UN Youth 2030 Strategy Plan
UN Youth 2030 Strategy Plan

Madam Anne-Claire Dufay, United Nations Children’s Fund (UNICEF) Country Representative, Ghana, says the United Nations (UN) is committed to partnering young people in the country for the implementation of the UN Youth 2030 Strategy Plan.

She said, the Plan launched in 201 and anchored on peace and security, human rights, and sustainable development, in all contexts, acted as an umbrella framework to guide the UN in stepping up its work with and for young people.

Speaking in a virtual meeting, dubbed: “Conversation with young people”, on the theme: “Strengthening youth engagement with the UN: Perspective from young people on areas for action,” by United Nations Ghana, Madam Dufay said the Plan sought to significantly strengthen UN’s capacity to engage young people and benefit from their views, insights and ideas.

She said it also ensured that UN’s work on youth issues was pursued in a coordinated, coherent and holistic manner to achieve the Sustainable Development Goals.

Madam Dufay said, “We are here to support you to make sure you have a voice.”

Ms Ewuramma Tawiah, President, Federation of Ghana Medical Students Association, said young people were challenged in areas of youth unemployment, sexual reproductive health issues and lack of financial support to set up and that the challenges were leading to frustrations and vices.

She urged the youth to volunteer on UN programmes, saying, “Volunteering will build us up and create opportunities for the future.”

Ms Tawiah called for more capacity building sections, especially for rural dwellers and increase funding to organisation that provided services to the youth.

Mr Akwasi Sarpong, Executive Director, Ulti-Leaf Foundation, said the lack of civil skills, technology and social protection schemes for the youth made it difficult for them to form rightful partnerships and networking in the society.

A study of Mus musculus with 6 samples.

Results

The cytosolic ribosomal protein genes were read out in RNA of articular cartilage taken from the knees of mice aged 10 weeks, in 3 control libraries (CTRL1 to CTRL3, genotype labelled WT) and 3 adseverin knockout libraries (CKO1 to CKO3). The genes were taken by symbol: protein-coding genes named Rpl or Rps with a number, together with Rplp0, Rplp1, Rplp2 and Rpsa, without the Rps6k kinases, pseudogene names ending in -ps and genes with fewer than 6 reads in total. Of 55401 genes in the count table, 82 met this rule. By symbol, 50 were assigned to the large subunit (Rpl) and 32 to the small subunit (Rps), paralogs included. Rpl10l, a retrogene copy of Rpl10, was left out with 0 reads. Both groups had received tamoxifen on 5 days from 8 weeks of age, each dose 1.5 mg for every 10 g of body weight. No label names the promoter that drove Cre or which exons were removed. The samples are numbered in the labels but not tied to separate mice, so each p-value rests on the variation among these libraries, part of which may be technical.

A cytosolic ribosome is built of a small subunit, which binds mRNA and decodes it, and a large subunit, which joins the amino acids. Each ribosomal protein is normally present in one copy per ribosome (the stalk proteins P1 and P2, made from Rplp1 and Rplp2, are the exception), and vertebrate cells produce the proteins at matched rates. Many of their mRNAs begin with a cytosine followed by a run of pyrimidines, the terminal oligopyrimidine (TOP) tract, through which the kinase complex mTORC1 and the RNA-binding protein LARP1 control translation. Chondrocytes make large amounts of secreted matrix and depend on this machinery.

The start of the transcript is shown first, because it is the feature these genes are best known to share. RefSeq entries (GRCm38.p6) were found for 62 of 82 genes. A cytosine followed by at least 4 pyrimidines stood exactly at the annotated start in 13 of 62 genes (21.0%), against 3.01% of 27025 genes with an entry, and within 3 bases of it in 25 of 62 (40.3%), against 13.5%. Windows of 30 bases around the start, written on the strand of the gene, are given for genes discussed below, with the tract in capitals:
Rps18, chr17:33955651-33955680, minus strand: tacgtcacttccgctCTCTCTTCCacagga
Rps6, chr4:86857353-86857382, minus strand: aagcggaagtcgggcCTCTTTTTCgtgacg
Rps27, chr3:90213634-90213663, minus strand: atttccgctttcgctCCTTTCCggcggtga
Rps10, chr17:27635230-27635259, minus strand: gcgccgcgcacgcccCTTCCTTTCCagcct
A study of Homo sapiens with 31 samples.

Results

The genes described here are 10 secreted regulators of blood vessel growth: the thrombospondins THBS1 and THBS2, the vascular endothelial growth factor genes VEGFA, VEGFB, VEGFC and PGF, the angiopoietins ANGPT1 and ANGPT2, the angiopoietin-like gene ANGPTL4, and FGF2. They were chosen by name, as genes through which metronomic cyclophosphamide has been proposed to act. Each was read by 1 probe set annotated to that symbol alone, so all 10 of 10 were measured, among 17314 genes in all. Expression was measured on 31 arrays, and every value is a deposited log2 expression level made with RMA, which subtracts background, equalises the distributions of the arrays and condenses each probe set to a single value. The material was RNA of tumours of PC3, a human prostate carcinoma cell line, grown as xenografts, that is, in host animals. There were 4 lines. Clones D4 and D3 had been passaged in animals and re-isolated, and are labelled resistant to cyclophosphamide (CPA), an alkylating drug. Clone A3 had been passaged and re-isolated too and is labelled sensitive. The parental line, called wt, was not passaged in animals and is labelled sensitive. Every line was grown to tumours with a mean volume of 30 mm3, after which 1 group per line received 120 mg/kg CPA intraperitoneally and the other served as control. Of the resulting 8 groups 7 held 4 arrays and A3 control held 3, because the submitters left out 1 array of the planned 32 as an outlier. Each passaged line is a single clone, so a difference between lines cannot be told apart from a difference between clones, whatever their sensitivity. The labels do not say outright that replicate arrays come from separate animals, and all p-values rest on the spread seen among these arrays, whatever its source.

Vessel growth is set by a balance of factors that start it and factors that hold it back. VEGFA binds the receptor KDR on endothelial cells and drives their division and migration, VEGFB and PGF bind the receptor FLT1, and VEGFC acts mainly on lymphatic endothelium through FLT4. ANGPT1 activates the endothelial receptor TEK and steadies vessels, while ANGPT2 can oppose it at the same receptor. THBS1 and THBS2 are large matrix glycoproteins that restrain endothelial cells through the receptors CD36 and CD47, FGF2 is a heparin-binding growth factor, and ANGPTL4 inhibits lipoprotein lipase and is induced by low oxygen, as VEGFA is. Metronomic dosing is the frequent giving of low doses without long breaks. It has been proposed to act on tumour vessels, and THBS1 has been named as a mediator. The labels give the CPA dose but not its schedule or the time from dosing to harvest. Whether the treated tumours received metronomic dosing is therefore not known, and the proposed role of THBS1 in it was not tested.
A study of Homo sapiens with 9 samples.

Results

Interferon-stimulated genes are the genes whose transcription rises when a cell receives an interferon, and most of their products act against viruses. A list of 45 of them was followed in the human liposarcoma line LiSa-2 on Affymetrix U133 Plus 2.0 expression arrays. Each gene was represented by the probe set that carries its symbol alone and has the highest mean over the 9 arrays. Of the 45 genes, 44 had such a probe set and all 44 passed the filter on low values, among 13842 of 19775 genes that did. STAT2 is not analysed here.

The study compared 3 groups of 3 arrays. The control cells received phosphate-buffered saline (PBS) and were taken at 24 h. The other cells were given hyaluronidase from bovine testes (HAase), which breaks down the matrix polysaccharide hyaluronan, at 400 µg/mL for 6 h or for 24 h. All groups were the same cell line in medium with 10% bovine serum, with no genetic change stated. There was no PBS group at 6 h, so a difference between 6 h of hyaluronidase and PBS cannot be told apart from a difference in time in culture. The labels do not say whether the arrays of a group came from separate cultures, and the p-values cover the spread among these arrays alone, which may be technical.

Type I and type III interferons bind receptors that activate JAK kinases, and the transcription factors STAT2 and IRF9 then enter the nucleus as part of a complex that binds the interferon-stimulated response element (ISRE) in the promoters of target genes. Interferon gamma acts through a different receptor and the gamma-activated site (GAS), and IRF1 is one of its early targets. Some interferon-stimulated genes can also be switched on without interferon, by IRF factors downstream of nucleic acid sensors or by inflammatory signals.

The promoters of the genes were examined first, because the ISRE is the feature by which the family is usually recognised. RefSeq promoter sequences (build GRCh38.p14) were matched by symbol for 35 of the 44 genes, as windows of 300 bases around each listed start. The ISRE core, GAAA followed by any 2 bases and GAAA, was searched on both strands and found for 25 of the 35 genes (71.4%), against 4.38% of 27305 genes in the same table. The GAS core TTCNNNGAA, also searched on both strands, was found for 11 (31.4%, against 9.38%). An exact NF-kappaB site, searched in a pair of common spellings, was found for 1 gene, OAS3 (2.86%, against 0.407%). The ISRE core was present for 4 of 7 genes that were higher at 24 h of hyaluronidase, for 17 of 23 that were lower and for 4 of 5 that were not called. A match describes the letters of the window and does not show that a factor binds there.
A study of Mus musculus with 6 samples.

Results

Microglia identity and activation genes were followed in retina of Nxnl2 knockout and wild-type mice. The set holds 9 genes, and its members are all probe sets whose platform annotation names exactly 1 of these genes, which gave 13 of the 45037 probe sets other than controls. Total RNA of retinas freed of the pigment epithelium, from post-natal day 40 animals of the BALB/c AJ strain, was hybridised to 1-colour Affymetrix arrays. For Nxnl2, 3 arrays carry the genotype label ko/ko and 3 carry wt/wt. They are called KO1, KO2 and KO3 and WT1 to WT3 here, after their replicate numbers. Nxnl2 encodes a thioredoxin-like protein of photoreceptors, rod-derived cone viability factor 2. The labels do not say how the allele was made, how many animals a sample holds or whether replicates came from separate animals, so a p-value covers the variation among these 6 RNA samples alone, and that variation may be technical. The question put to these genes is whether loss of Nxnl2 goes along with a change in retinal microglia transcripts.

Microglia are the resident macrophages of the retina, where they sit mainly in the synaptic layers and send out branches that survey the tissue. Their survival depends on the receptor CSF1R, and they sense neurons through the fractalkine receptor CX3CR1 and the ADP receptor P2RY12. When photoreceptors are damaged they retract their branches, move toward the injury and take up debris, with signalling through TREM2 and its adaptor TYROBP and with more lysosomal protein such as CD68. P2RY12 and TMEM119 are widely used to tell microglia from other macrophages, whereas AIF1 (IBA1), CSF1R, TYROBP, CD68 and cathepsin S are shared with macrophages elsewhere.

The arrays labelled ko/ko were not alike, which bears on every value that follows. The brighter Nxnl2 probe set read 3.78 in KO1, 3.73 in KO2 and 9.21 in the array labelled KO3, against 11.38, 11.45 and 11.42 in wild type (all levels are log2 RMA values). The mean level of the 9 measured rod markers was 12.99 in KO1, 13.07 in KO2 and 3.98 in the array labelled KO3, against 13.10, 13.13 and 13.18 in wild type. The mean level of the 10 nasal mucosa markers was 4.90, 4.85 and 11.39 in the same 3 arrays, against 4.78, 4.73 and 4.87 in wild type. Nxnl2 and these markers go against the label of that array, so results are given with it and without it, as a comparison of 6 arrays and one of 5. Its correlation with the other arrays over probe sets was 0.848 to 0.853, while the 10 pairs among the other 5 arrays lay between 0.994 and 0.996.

He called for the “Youth Civil Pledge,” where mentors would pledge to get involved in the upbringing of the youthful population.

“They need to understand youth engagement in order to build their capacity,” he said.

Mr Kabiru Saidu, Co-Founder and Innovation Lead, Nubian VR, said the UN should work to build trust in the African Youth and offer welfare packages and social intervention programmes.

Jemima Mornuu, a participant also said lack of employable skills, mentorship and guidance, challenged young people’s capability of finding jobs, adding that, most of them mainly rural folks, had limited access to the right information.

“The youth should not be deprived of information when this happens, they become curious and vulnerable, which exposes them to preventable dangers,” she said.

Mr Charles Abani, United Nations Resident Coordinator in Ghana, said the UN was keen on aggregating all contributions made to guide the implementation of the Plan.

He assured of continued engagement of the youth in facilitation and promised accountability and commitment to create opportunities in line with feedbacks received from the conversation.